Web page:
The head of the prime minister’s office, Gergely Gulyás, said the neighbourhood and enlargement portfolio to be overseen by Olivér Várhelyi was “the most important” portfolio assigned to Hungary since the country joined the bloc in 2004. Gulyás said the government was convinced that Várhelyi would serve the interests of both Europe and Hungary in his post. In response to a question, Gulyás said Democratic Coalition MEP Klára Dobrev’s warning that her party would initiate Várhelyi’s removal from office were he found to be following the government’s instructions held no merit, arguing that neither scenario was possible. He said Várhelyi was “far better versed” in the functioning of the EU than Dobrev, adding that Dobrev had only used her position as an MEP to “prevent the approval” of the government’s original commissioner-designate.
Asked about a recent remark by the Romanian ambassador that in the absence of a bilateral agreement, Hungary would have no opportunity to support farmers in Transylvania, Gulyás said the two countries formed parts of the same economic area. “We expect Romania to make clear what objections it has to Hungary contributing to the development of the Romanian economy by supporting the Transylvanian region,” Gulyás said.
Meanwhile, he said the majority of councillors in Budapest’s new municipal assembly had failed to back plans for a superhospital in southern Buda and have refused to approve city financing for further health-care projects. Gulyás called it “bad news” that the assembly on Wednesday rejected two related amendments proposed by the ruling Fidesz-Christian Democrat alliance. One concerned the construction of the superhospital and the other a 10 billion forint (EUR 29.7m) contribution by the municipal assembly to funding the upgrade of the city’s health-care institutions, he said.
Gulyás said the government has allocated an extra 34 billion forints (EUR 101m) to the national health insurance fund for this year. The money will be used to fund drug subsidies and ensure better quality care for patients with rare diseases. Asked about hospital debts, Gulyás said the financial situation of the health-care sector could only be fixed once hospitals stopped accumulating debts and had enough money to treat all patients. The government, he added, was constantly monitoring the responsibility of hospital heads in connection with debt accumulation. Gulyás argued that some forms of care were underfunded while others could still be provided with less funding.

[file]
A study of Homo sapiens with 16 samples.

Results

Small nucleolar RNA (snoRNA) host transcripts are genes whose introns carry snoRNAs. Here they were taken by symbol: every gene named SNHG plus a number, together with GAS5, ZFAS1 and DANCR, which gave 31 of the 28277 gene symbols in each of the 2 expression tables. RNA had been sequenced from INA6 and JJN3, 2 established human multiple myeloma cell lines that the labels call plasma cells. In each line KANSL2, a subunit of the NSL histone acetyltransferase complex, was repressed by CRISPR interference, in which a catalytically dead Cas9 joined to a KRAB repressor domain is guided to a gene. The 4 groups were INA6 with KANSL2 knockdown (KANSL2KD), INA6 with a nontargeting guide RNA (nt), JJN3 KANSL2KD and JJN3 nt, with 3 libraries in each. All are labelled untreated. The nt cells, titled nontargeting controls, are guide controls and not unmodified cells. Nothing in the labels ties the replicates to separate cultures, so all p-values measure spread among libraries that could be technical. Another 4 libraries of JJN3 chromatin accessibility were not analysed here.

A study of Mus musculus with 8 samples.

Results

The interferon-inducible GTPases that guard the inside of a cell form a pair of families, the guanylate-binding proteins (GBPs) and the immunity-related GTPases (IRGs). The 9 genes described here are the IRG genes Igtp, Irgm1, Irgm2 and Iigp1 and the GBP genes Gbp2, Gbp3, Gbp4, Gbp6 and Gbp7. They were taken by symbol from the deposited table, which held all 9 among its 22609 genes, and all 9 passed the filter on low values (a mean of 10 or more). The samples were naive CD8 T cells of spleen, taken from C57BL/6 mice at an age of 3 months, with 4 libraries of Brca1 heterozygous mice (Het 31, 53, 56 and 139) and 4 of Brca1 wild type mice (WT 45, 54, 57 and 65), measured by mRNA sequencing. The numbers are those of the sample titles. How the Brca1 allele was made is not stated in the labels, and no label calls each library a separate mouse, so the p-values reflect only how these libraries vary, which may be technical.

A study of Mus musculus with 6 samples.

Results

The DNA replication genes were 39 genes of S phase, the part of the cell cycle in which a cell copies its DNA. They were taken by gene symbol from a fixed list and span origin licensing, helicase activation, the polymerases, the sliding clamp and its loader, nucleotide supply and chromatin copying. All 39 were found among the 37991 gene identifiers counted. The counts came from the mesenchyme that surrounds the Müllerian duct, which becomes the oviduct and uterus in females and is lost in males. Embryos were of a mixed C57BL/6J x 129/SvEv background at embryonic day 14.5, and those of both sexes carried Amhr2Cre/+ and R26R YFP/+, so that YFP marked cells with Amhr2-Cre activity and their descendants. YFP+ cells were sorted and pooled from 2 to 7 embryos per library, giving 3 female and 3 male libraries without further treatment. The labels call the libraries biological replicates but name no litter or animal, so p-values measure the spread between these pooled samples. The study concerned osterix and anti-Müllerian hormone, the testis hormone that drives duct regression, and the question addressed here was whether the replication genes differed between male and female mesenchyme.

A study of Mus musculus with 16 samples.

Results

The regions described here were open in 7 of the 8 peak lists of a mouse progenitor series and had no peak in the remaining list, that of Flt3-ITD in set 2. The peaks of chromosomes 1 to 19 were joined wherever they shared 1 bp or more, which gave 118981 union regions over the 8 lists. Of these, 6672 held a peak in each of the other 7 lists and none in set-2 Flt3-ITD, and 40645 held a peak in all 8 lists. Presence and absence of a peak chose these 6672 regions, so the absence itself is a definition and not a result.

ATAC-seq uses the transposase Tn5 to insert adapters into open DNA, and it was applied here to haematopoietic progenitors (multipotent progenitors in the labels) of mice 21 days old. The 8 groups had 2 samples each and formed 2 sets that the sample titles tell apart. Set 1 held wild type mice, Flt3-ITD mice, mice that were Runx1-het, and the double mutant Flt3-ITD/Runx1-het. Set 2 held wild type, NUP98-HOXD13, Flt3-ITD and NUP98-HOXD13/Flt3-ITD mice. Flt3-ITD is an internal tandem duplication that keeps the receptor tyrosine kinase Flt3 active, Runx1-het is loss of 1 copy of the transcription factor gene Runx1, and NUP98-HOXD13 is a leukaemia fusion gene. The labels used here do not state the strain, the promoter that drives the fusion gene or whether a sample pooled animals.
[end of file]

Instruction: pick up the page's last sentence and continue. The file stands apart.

Budapest’s public projects council will convene next week at the request of Mayor Gergely Karácsony to discuss with the government the municipality’s conditions, Gulyás said. He added that he would try and convince the mayor that the city should not veto the superhospital project. The city should also “contribute to its health budget if they really consider that a priority,” he added. “It would compromise the city’s creditability if they refused to spend any money on health services out of a budget of 300 billion forints,” Gulyás said. He added that many of the conditions set by the municipal leadership coincided with the government’s plans, and some of them had been written into in next year’s budget.
Gulyás said the government had a clear commitment to developing health services, adding the government’s Healthy Budapest scheme has budgeted 42 billion forints for health improvements next year. “There are more CT scanners in Budapest than there are districts”, he said, adding that the government was open to talks aimed at further increasing that number. Gulyás welcomed the assembly’s unanimous decision to support plans for Budapest to host the 2023 World Athletics Championships, adding that “Budapest’s largest-ever green project” would be implemented alongside the event.
On another subject, Gulyás said the European Union was mulling a penalty of 50-60 billion forints in connection with municipal contracts for Budapest’s 4th metro line. The government has initiated talks aimed at reducing that penalty to a minimum, he added.
Meanwhile, Gulyás said the Hungary Helps scheme had been welcomed in many countries, especially in the US. He added the aid scheme would be “more successful than other programmes because it delivers aid directly to those that need it, such as church communities or hospitals in war zones.” “Hungary cannot stay passive when it comes to the world’s 245 million persecuted Christians,” he added.
Concerning the Budapest-Belgrade rail project, Gulyás said the agreements with contractors have been signed and construction is expected to take about three years to complete.